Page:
Shozo Shimamoto


References[edit]

  • Jirō Yoshihara; Shōzō Shimamoto; Michel Tapié; Gutai Bijutsu Kyōkai. Gutai [= 具体] (具体美術協会, Nishinomiya-shi : Gutai Bijutsu Kyōkai, 1955-1965) [Japanese : Serial Publication : Periodical] OCLC 53194339 [Worldcat "Other titles" information: Gutai art exhibition, Aventure informelle, International art of a new era, U.S.A., Japan, Europe, International Sky Festival, Osaka, 1960]

External links[edit]

  • Tate Collection, UK information on Shimamoto, with images of works in Tate collection
  • French page on Gutaj group with information on Shimamoto
  • New York Times article by art critic Roberta Smith: "ART VIEW; When Art Became a Stage and Artists Actors" (April 5, 1998). She names Shimamoto as among the most daring experimentalists on the international art scene:
"Perhaps driven by the exhilarating mixture of relief, freedom and despair that followed the end of World War II, artists around the world had been experimenting with newly physical, sometimes violent, cathartic ways of making paintings and sculptures. Others were also staging what they called events, or actions or performances that sometimes were as destructive as they were creative....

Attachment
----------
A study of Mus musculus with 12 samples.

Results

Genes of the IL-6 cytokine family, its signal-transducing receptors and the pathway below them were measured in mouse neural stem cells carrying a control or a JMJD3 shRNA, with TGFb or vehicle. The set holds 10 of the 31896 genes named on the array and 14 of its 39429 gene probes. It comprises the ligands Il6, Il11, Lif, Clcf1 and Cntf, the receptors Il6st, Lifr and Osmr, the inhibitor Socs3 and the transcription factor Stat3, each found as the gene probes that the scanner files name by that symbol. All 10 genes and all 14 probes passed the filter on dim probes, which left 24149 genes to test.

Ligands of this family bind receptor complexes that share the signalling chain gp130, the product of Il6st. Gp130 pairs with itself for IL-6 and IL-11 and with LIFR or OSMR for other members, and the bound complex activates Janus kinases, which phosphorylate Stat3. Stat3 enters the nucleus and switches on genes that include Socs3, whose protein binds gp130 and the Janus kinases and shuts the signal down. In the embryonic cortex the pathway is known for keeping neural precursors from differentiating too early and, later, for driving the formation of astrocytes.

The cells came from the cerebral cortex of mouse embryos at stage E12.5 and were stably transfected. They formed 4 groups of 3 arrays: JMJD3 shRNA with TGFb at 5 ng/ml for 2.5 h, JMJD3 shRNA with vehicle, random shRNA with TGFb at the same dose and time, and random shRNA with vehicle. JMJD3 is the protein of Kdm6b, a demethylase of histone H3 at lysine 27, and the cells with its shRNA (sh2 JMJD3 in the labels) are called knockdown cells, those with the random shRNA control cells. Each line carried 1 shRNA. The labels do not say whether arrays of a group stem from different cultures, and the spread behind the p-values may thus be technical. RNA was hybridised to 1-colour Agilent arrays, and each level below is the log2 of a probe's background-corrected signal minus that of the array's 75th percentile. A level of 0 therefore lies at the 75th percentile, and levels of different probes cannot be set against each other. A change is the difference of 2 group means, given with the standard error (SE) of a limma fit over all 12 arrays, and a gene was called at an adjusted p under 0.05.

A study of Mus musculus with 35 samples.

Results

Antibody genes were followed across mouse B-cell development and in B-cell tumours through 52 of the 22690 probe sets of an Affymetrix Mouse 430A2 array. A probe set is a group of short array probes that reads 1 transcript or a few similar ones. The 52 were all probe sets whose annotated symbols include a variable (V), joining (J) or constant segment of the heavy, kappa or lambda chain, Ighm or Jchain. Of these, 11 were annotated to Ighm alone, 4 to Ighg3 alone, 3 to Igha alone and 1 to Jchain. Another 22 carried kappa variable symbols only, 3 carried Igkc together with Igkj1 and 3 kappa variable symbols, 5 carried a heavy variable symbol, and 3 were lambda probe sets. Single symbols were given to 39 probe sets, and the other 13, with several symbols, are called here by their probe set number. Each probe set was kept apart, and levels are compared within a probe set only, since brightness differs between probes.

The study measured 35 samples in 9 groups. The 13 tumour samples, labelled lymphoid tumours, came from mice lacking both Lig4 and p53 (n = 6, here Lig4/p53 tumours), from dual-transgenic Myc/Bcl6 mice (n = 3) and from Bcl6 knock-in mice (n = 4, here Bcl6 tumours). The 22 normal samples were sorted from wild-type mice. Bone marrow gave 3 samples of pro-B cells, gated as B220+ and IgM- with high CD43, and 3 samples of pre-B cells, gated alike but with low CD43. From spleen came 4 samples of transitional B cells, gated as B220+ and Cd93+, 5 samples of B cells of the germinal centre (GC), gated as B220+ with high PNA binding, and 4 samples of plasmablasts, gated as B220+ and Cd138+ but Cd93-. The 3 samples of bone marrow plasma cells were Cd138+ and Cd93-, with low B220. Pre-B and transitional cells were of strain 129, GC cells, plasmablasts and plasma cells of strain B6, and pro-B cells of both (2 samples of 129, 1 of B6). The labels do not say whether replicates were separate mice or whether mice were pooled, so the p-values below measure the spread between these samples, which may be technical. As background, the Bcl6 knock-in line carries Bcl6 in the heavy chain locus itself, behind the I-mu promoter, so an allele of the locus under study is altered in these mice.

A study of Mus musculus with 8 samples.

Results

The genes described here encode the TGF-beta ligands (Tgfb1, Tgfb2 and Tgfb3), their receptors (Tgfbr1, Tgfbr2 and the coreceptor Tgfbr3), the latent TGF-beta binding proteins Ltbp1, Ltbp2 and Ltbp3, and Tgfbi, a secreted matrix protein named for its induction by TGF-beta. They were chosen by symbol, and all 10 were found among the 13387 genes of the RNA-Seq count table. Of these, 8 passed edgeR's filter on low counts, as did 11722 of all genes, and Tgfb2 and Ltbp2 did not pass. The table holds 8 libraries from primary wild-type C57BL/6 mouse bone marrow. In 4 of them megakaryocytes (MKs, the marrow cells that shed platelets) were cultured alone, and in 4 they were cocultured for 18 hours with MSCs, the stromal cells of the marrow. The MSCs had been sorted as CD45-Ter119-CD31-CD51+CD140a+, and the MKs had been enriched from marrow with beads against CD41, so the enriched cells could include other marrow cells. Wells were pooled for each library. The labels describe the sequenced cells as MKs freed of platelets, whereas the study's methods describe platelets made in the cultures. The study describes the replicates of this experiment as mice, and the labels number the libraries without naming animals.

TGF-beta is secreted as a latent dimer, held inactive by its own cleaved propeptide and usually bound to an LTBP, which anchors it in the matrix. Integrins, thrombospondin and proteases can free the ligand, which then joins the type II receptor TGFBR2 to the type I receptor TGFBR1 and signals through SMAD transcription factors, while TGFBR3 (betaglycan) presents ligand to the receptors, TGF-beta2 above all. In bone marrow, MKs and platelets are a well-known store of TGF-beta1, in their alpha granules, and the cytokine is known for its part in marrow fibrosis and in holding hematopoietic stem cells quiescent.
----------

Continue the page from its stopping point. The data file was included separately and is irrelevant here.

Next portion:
"Some of these artists were doubtlessly influenced by Pollock's example... But the same year brought independent experiments: Lucio Fontana, for example, was in Argentina (or Italy), making images by repeatedly puncturing or slashing painted canvases with knives. And in Japan, Shozo Shimamoto was symbolically penetrating the sacrosanct picture plane of painting by throwing himself through several layers of rice paper, leaving traces of the event -- the hole surrounded by jagged shards of paper -- as the work of art."